New Zealand ShakeOut is our national earthquake drill and tsunami hīkoi.

Taking part is a great way for kids to learn the right actions to take before, during and after an earthquake and tsunami.

Get ready for ShakeOut

Leading up to ShakeOut, here are some things your school can do to get ready for an emergency. 

  • Identify safe places to Drop, Cover and Hold and practise with your staff and students.
  • Check to see if your school is in a tsunami evacuation zone and make plans for a tsunami hīkoi if you are in a coastal area.
  • Practise your tsunami hīkoi with your students so everyone knows where to go.
  • Check your school or early childhood centre has an emergency plan.
  • Encourage students to help make a grab bag or emergency kit at home.
  • Use our What's the Plan Stan? resource to teach kids about different disasters and the right actions to take.
  • Use our resources for primary schoolskura kaupapa and early childhood centres to help teach students about emergency preparedness and the natural hazards we have in New Zealand.
  • Read the Ministry of Education’s information and resources on preparing for and reacting to emergencies and traumatic events.

Doing the drill

ShakeOut is a self-run drill. You can start it in whatever way works for you. You could:

  • use a bell, whistle or alarm
  • play the New Zealand ShakeOut Announcement over your PA system
  • shout “EARTHQUAKE DRILL”, or
  • tune in to our Facebook livestream.

Drop, Cover and Hold for 30–60 seconds:

  • DROP down on your hands and knees. This protects you from falling but lets you move if you need to.
  • COVER your head and neck (or your entire body if possible) under a sturdy table or desk (if it is within a few steps of you). If there is no shelter nearby, cover your head and neck with your arms and hands.
  • HOLD on to your shelter (or your position to protect your head and neck) until the shaking stops. If the shaking shifts your shelter around, move with it.

While you are doing the drill, take note of what might be happening around you in a real earthquake. Think about what you might need to do to prepare for a real earthquake.

Video
Megaphone

Use this New Zealand ShakeOut audio announcement to start your earthquake drill. Play it through a speaker or PA so everyone knows the correct action to take.

After the drill

After your drill is complete:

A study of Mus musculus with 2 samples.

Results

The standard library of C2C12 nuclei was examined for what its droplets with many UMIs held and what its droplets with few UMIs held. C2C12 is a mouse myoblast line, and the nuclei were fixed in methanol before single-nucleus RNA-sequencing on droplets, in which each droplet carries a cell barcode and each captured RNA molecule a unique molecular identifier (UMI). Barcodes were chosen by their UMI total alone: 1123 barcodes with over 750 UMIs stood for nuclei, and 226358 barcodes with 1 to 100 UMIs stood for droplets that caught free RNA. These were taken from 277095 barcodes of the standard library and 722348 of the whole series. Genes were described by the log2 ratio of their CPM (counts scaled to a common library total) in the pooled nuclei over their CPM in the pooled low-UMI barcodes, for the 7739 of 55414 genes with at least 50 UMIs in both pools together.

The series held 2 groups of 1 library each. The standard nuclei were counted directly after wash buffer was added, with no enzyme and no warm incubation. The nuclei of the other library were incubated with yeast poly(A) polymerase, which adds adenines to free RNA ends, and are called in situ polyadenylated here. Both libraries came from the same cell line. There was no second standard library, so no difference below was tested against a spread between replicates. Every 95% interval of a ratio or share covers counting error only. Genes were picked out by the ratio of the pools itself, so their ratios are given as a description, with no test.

• Talk with students about what you learned.
  • Make changes to your school or early childhood centre's emergency plan.
  • Encourage students to make a Household Emergency Plan with adults at home.
  • Share your ShakeOut photos, videos and stories on social media.
Document
New Zealand ShakeOut

Say thanks to kids by giving them our New Zealand ShakeOut 2022 certificate.

Share the ShakeOut

It’s important that everyone knows what to do on drill day. You never know who’s going to be around in an emergency. 

Resources

Document
Cartoon person doing Drop, Cover and Hold
Teach students about earthquakes with this earthquake lesson plan.
Video

Turtle Safe is an educational DVD to teach preschool children what to do in an earthquake.

Video
Cartoon person doing Drop, Cover and Hold

Drop, Cover and Hold is the right action to take in an earthquake. Watch this short video to find out more about Drop Cover and Hold.

Video
Arrow above a house on a hill in a tsunami evacuation zone

If an earthquake is Long or Strong, Get Gone. Watch this short video to find about Long or Strong, Get Gone.

Factsheet
Cartoon person doing Drop, Cover and Hold

Download and share this factsheet on what to do before, during and after an earthquake.

Factsheet
Cartoon person doing Drop, Cover and Hold

Tīkina ake, tiria hoki tēnei pukameka mō ngā mahi me whakamahi ā mua, ā roto, ā muri hoki i tētahi rū whenua.

Download and share this factsheet on what to do before, during and after an earthquake.

Factsheet
A family and a person on a bike evacuating up a hill from a tsunami

Download and share this factsheet in English about what to do before, during and after a tsunami.

Factsheet
A family and a person on a bike evacuating up a hill from a tsunami

Tīkina ake, tiria hoki tēnei pukameka mō ngā mahi me whakamahi ā mua, ā roto, ā muri hoki i tētahi ngaru taitoko.

Download and share this factsheet in Te Reo Māori about what to do before, during and after a tsunami.

Internal link
Teacher talking to three students
Schools play a large role in keeping the community safe. Learn about your school's responsibilities and teach students the skills they need to be prepared.
Internal link
Stan the dog
What’s the Plan, Stan? is a resource to support schools, teachers and students to develop the knowledge and skills to prepare for emergency events.